Over the past three years, a new method of raising funds has emerged that is quickly gaining momentum. Using social web-based tools provided by services like Kickstarter and IndieGoGo, filmmakers can now raise money straight from the “crowd.”
On this blog we have had some excellent pieces written about what is now called “crowd-funding” by Jennifer Fox, Slava Rubin and Melanie Schiele. They highlight the experiences of filmmakers who have crowd-funded their movies, and provide useful tips for those who wish to pursue this strategy for their future films.
Crowd-funding is part of a massive shift created by the rapid rise of social media that is radically redefining the relationship between the filmmaker and her audience. As with other parts of the filmmaking process (production, marketing and distribution, to name a few), the audience now wants to participate—or, as Frank Rose puts it, they want to “immerse” themselves in the film.
What does this “immersion” mean when applied to the financing of movies?
When someone crowd “funds” a movie, she is not seeking an investment return that is expressed in dollars. The value that she seeks is something different altogether.
It is much like what a traditional (and almost always wealthy) patron gets when he gives to the symphony or the opera, or commissions an artist’s work. He gets recognition, (name in the program, on a building, etc.), a chance to meet the people behind the scenes, and, most importantly, a chance to connect with the person who has created the art.
In the process, he gains an emotional connection to the art itself. He becomes “immersed” in the art. In this traditional model, the barrier to entry is high, but so are the psychic rewards.
With the rapid rise of social media, something strange and very wonderful has happened:
1. The barrier to entry into this “immersive” experience has been dramatically lowered, while at the same time
2. The psychic rewards of the experience have remained very high.
In other words, the tools of social media have democratized patronage for the first time in history. Experiences that were previously open only to the very wealthy are now open to the “crowd.” Now everyone can be Medici, Guggenheim or (fill in your favorite famous patron to the arts).
And on the flip side, artists who could never access the wealthy patrons of yesterday can now connect with the newly empowered crowd patrons of today.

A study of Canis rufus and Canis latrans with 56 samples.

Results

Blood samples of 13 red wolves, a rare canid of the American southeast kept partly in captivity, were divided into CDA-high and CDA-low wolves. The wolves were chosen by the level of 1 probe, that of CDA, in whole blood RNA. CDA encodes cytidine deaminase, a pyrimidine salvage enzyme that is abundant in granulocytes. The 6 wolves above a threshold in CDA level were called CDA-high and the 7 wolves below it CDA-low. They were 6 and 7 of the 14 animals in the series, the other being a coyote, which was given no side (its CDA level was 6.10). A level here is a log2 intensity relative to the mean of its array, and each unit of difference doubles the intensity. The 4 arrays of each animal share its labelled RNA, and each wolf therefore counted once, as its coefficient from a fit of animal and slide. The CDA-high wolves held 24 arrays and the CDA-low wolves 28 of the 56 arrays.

New services like Kickstarter and IndieGoGo, as well as others, have enabled this emerging patronage market. So how is that market doing?
A recent blog post by Kickstarter highlights the status of this market. As of July 17, 2011, 10,000 projects have been successfully funded on Kickstarter (of these, 3,048 have been in the Film and Video category). A total of $60 Million has been received from 793,362 backers.
That is a lot of money from a lot of patrons. What is most impressive is how fast the market is growing.
As the Kickstarter post says:
“The march towards 10,000 successfully funded projects has accelerated a lot over the past two years. Exactly one year ago today Kickstarter had seen a lifetime total of 1,885 successful projects. The past year alone has seen nearly five times that."
The amounts raised for films have ranged from $5,000 to $150,000 to over $345,000 for the film Blue Like Jazz. So as the overall market has expanded, so have the amounts raised.
Is it easy to raise money from the crowd? The answer is, emphatically, ”No, it is not.” It is time-consuming, tense, exhausting, filled with ups and downs, fraught with anxiety, and guaranteed to keep you up at night. Just like raising money for your movie always is.
But if you get the money, you make the movie you want, and you don’t owe anyone any money in return.
All you owe to your patrons is an emotional connection to the movie, and a chance for them to immerse themselves in your movie. An experience, by the way, that will lay the basis for the marketing and distribution of your movie.
So the question for filmmakers is not whether or not you should crowd-fund your next movie; the question becomes when you will do it. I suggest you get cracking.
And filmmakers: just remember to respect and treat your patrons like they are the Medicis, because that is exactly who they are.